The title of this post simply means, “Goodbye Uruguay; I will miss you.” While it is undoubtedly a succinct title, it nonetheless communicates the regret I still feel over leaving that beautiful country and the high esteem in which I hold the experiences had there. The trip has been endlessly educational and exciting, and while I am saddened to see it come to an end, I feel blessed to have gained so much in such a short time.

Educationally, I have been exposed to aspects and means of agricultural production that were previously foreign to me. Before this trip, I had no idea what rice farming even looked like, and now, afterwards, I have experienced every step of rice production and manufacturing from the planting, flooding, and draining of the fields, to the harvesting of the rice crop, to the manufacturing at the rice mill, to the utilization of the byproducts, such as rice husks. Even in areas of agricultural production with which I am familiar, such as beef cattle and lamb production, I was still surprised at some of the tactics and methods used by Uruguayan people dealing with a different climate and different consumer preferences. For example, because of the low annual precipitation (only approximately 47 inches per year) and intense sunlight, different kinds of forages and crops, such as grain sorghum and sudangrass, are grown for livestock feed than are commonly grown in the United States. Additionally, to reduce input costs and due to the land availability, much of the livestock in Uruguay is primarily grass-fed using rotational grazing, the paddocks of which are well-run and well-maintained. While visiting a meat packing plant, I did notice that largely forage-based feeding system of cattle production results in increased age of animals at slaughter compared to those in the United States. Concerning beef cattle, this also translates to a dearth of meat which grades the equivalent of US Prime because the likelihood of producing such extensive marbling and low maturity on a primarily grass-based diet is very low. However, this is not an issue because consumer preferences do not demand beef with such a high and extensive degree of marbling. Furthermore, at the packing plant, many of their practices were similar to practices at US packing plants; Colorado State professor Dr. Temple Grandin even designed their cattle handling and processing facilities! It was thus interesting to note that despite differences in location and culture, the importance of meat safety and quality is still a foremost priority of the international beef industry.

Culturally, I have been introduced to an entirely new currency, language, dietary pattern, and public infrastructure. Even the large cities we visited, such as Montevideo and Punta del Este, were not hulking metropolises like New York City or Chicago, a facet of Uruguayan society which I found unimposing and comforting, having been raised in a small town of only 1200 people. In addition, no major highways or interstates, like I-85 or I-40, traversed the country; once again, I found the overall rural atmosphere of Uruguay—there exists nearly a 4:1 ratio of cattle to people—to be comforting and very conducive to successful agricultural production, something at which Uruguay is, of course, very adept. The language barrier was an obstacle in many places, as they are fluent in Spanish and I can barely ask where the restroom is, but I enjoyed learning the new language and trying to immerse myself in their culture. At the same time, returning home has been a bit of a culture shock. The ease of communication which I experience at home, in addition to the luxuries—likely in excess—present in America, have made me more aware of the privileges that I possess in terms of opportunities, abilities, and resources.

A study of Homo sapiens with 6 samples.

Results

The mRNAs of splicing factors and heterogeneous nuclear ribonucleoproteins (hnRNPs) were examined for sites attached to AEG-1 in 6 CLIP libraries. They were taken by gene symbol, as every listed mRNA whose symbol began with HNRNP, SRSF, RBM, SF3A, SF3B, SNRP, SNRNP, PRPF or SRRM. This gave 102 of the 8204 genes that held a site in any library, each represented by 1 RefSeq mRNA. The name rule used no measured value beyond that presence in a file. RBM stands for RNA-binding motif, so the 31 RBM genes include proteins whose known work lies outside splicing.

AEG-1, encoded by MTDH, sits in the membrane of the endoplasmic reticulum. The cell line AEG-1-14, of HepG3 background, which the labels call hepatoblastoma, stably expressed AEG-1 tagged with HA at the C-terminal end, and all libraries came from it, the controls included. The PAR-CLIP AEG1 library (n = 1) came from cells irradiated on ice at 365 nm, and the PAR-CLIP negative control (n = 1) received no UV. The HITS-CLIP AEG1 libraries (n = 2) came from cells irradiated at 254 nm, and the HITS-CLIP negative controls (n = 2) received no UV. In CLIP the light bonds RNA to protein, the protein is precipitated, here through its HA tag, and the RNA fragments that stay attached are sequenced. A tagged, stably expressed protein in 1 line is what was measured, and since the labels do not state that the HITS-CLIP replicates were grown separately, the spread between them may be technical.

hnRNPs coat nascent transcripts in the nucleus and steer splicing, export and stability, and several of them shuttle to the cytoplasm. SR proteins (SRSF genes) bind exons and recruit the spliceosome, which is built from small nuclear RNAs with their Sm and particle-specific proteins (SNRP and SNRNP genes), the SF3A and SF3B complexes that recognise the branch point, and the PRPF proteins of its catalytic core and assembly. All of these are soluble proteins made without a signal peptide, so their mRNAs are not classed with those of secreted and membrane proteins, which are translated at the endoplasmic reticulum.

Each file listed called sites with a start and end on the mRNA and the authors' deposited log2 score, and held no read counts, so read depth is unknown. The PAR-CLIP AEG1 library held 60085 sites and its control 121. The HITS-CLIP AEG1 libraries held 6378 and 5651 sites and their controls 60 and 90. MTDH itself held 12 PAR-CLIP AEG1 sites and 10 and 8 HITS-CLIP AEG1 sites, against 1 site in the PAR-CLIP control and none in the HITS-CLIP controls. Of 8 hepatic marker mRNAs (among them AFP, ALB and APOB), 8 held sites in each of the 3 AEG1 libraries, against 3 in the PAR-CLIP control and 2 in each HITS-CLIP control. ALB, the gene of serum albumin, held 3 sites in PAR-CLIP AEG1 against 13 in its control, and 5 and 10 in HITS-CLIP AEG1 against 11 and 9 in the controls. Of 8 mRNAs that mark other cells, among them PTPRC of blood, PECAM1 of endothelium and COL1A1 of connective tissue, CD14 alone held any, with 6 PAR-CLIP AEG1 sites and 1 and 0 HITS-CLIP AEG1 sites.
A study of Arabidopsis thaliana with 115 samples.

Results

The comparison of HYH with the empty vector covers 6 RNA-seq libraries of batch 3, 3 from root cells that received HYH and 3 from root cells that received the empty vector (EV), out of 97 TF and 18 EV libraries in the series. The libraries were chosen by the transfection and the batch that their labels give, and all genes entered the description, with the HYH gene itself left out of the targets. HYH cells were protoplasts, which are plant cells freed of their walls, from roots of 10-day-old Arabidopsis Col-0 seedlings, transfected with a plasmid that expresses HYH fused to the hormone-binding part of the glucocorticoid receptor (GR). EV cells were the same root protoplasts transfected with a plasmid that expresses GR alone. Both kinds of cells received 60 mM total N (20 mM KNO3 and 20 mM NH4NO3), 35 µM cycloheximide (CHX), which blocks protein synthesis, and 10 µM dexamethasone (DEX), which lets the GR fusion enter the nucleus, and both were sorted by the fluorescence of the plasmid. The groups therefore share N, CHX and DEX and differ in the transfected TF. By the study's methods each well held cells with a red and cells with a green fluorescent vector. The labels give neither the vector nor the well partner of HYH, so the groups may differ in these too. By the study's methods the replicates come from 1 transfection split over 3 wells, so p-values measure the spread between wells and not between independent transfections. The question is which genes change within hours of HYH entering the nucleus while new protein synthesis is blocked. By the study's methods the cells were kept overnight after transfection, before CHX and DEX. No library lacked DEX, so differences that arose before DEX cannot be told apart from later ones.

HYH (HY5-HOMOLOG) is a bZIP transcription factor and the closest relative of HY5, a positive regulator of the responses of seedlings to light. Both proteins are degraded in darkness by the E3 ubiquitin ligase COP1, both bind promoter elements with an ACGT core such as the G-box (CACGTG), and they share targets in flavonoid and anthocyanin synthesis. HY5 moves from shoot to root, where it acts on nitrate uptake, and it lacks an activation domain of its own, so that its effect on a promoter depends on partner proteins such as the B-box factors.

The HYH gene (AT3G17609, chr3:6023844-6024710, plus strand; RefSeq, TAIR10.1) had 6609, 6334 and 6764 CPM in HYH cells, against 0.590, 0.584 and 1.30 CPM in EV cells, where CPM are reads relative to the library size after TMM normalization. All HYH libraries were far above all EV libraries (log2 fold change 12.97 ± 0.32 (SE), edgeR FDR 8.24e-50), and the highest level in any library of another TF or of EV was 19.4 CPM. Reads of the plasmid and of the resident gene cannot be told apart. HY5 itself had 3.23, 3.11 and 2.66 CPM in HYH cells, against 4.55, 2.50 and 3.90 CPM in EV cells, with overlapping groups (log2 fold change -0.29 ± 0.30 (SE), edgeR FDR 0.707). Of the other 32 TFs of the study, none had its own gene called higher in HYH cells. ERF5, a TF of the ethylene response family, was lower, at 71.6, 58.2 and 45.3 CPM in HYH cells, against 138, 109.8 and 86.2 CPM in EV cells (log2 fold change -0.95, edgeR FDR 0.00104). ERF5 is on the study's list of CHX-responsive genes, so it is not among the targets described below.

Socially, I have walked away from this trip with an overwhelming appreciation for the people that I met. Our host and guide from INIA throughout the trip, Bruno LaFranco, was simply incredible—he was interesting to listen to on an educational level, as he knows so much about agricultural and the economics behind it, but he was also wonderful to get to know on a personal level, his friendliness and humor going unmatched. Other Uruguayans that I met, including the owners of the farms, their relatives, and our other INIA guides, were nothing short of accommodating, helpful, and friendly, and I enjoyed talking to them as well, both about Uruguayan agriculture and about their personal lives and experiences. The teachers which accompanied us from UGA, Dr. Segers and Dr. Murray, were also so pleasant to be around and did a fabulous job of coordinating the trip so as to expose us to a variety of interesting agricultural aspects. And finally, my fellow classmates on the trip were outstanding. With them, I shared laughs and questions and strange foods; with them, I made enduring memories and friendships.

It has been hard to articulate just how much I took away from this trip to friends and family who did not accompany me. I can show pictures, and I can write blog posts, but in the end, I still feel as if I come up short in describing the impact of this study abroad program. It has provided me with new insights concerning farming operations, a new interest in the mechanisms of international agriculture, and a newfound appreciation for different cultures and their people. I simply cannot express how blessed I feel to have been a part of this trip. And though I am still disheartened by the fact that it is over, I share the same sentiment as Jack Kerouac, author of On The Road, when he wrote:

“What is that feeling when you’re driving away from people and they recede on the plain till you see their specks dispersing? It’s the too-huge world vaulting us, and it’s good-bye. But we lean forward to the next crazy venture beneath the skies.”